The help of Niagara Recycling has allowed Brock’s adaptive programming, which supports youths in the region with special needs, to thrive over the past two decades.
Brock’s Faculty of Applied Health Sciences (FAHS) recently celebrated the partnership, honouring Niagara Recycling for its ongoing commitment to the University.
Each year, FAHS highlights one long-standing community and research partner for their outstanding contributions, exceptional leadership and unwavering commitment to experiential education and research within the Faculty.
As this year’s recipient, Niagara Recycling was honoured at the 2019 Community Partners Appreciation Reception held Tuesday, April 16 at the Meridian Community Centre in Pelham.
“Some of our partners collaborate with us on research and others provide on-site training opportunities in their workplaces through internships and clinical placements,” says Faculty of Applied Health Sciences Dean Peter Tiidus. “Other partners facilitate learning through financial contributions and support that enable ongoing and significant growth within our Faculty. This is true of Niagara Recycling.”
In their capacity as a community partner, Niagara Recycling has been working with Brock University since 1997 and has donated almost $440,000 in financial commitments to disability programming in FAHS over the past 15 years.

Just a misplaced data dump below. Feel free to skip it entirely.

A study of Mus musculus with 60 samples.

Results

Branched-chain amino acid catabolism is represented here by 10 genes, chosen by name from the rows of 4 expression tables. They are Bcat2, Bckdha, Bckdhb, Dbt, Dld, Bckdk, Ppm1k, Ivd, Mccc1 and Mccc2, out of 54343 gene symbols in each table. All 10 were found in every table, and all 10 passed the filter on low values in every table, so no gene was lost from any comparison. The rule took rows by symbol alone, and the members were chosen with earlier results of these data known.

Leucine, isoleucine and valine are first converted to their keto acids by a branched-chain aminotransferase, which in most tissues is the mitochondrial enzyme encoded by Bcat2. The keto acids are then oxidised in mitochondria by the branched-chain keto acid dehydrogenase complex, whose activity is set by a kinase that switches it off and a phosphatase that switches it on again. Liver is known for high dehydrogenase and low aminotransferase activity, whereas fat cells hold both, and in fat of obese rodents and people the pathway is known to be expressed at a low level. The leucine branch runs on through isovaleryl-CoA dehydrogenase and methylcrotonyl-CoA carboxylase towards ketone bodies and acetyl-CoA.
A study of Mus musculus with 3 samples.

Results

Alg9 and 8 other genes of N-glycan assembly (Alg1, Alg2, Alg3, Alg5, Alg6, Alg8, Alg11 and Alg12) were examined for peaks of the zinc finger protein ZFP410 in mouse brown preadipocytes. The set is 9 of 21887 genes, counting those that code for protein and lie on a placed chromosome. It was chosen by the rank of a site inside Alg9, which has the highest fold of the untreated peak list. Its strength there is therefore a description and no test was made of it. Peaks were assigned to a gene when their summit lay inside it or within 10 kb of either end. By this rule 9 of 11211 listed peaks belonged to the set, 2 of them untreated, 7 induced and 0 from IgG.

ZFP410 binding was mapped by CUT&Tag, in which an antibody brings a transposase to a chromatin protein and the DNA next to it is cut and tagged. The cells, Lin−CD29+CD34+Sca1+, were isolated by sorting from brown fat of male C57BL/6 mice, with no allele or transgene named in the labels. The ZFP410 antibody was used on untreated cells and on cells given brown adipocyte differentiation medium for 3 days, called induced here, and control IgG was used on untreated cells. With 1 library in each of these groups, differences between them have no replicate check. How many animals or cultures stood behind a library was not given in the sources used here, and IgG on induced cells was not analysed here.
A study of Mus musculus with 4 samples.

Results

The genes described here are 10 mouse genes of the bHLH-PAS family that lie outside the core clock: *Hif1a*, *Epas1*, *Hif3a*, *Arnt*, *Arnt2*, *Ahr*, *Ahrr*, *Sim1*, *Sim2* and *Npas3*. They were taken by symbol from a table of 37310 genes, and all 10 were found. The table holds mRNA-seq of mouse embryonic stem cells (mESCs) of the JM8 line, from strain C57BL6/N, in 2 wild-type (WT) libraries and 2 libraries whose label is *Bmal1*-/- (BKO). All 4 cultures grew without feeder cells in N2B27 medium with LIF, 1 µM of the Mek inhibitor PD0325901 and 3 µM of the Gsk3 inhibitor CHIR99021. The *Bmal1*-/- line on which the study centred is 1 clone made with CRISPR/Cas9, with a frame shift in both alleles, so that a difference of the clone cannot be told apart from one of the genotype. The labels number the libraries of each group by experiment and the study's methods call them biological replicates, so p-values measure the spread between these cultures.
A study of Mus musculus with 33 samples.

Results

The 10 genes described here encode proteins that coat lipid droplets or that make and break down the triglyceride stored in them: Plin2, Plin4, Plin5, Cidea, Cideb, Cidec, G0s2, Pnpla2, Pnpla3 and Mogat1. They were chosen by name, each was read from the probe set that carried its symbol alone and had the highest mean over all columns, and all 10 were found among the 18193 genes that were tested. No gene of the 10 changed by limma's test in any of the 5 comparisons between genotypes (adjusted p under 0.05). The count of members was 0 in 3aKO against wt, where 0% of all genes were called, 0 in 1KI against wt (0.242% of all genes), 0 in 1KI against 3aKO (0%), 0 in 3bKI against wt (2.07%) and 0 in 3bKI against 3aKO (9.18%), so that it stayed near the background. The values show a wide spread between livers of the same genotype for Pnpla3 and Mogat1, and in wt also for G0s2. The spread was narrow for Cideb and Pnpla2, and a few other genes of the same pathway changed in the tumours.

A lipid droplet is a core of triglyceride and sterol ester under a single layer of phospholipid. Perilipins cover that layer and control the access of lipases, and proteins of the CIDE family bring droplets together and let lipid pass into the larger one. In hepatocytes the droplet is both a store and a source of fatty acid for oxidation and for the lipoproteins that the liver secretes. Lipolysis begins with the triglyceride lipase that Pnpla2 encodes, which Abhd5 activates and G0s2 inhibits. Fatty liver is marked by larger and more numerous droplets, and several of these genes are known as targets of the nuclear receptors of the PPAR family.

The organization’s support contributes to Brock University’s Autism Spectrum Disorder Summer Movement Camp, Supporting Neurodiversity through Adaptive Programming (SNAP), Saturday SNAP and the Confident Healthy Active Role Models (CHARM) initiative, all which provide service learning opportunities to students across all Brock Faculties.
“With Niagara Recycling as a community partner, we’ve seen more than 250 students per year trained in inclusive and adaptive physical activity over the past 15 years. This makes SNAP the largest on-campus site for experiential education, and southern Ontario’s longest-running and largest service learning site,” says Kinesiology Professor Maureen Connolly. “Their support has been instrumental in facilitating these educational and research opportunities for our students.”
More than one-third of the funding provided by Niagara Recycling since 2003 has gone to the Autism Spectrum Disorder Summer Movement Camp to help subsidize camper participation by keeping costs low for parents.
“Due to the service learning model we use, there is no way these camps could have continued to function without the support of Niagara Recycling,” Connolly says.
Niagara Recycling Chief Executive Officer Norman Kraft (BA ’90) and Board Chair Albert Murphy (BSc ’75, MEd ’79) attended the reception to accept the award on behalf of the organization.
“We are pleased that through our financial support Brock University is able to offer meaningful, active leisure to the children and youth who enjoy these camps each summer and the programs offered throughout the academic year,” Kraft says. “Niagara Recycling continues to demonstrate a long-term commitment to supporting individuals with disabilities in the Niagara region.”